Laura Abrams, associate professor of social welfare at UCLA, appeared as a guest on the Howard Gluss radio show (August 14, 2009) to discuss the barriers to successful reentry to society for juveniles in the incarceration system. Abrams is the director of the juvenile justice and reentry project, a program of the Department of Social Welfare at the UCLA School of Public Affairs that fosters the reintegration of juvenile offenders into the community upon their release. The following are excerpts from the interview.
What are the major challenges that we face as a society for stopping young people entering the prison system?
“One of the things that it’s hard for people to wrap their minds around when we talk about juvenile offenders is that they are young people…and the majority haven’t committed violent crimes. They’re young people who deserve the opportunity to have a different pathway in their lives.”
“As a community, we think more about the punitive aspect of corrections and juvenile justice and not so much what happens when they return to society and when they transition to adulthood…When youth are get out of settings of incarceration, they’re often in a place where they don’t have school credits, or haven’t graduated from high school, they don’t have job skills, some don’t have families to return to. So they enter that already difficult transitional period of emerging adulthood without many skills or resources necessary to be successful.”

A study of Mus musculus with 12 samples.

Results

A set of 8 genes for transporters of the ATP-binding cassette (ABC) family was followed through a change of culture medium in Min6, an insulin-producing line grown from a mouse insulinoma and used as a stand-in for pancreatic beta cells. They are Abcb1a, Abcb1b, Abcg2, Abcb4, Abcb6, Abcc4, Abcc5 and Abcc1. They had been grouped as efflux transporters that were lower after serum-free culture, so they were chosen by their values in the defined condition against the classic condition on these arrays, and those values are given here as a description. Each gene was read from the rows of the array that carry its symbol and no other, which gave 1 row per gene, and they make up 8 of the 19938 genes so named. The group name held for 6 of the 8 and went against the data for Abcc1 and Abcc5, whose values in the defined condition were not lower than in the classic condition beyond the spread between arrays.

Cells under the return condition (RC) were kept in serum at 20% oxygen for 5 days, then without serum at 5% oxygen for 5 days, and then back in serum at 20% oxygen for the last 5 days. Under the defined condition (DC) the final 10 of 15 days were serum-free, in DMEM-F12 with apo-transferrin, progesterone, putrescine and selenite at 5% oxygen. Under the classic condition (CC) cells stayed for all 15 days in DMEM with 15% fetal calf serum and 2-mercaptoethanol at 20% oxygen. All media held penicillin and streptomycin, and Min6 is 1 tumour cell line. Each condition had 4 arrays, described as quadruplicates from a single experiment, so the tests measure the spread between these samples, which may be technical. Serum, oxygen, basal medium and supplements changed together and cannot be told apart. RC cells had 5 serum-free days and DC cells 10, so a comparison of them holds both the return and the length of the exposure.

“Research has identified practices in the juvenile justice system that give youth a chance at better outcomes:
- Diversion, or keeping low-risk offenders out of incarceration (through home arrest or probation);
- Smaller settings, rather than large institutional settings;
- Longer treatment duration than (6 months rather than 2 months);
- Staff trained in therapeutic practices like cognitive behavioral work and family work; and
- Addressing underlying problems such as substance abuse, mental health issues and learning disabilities.”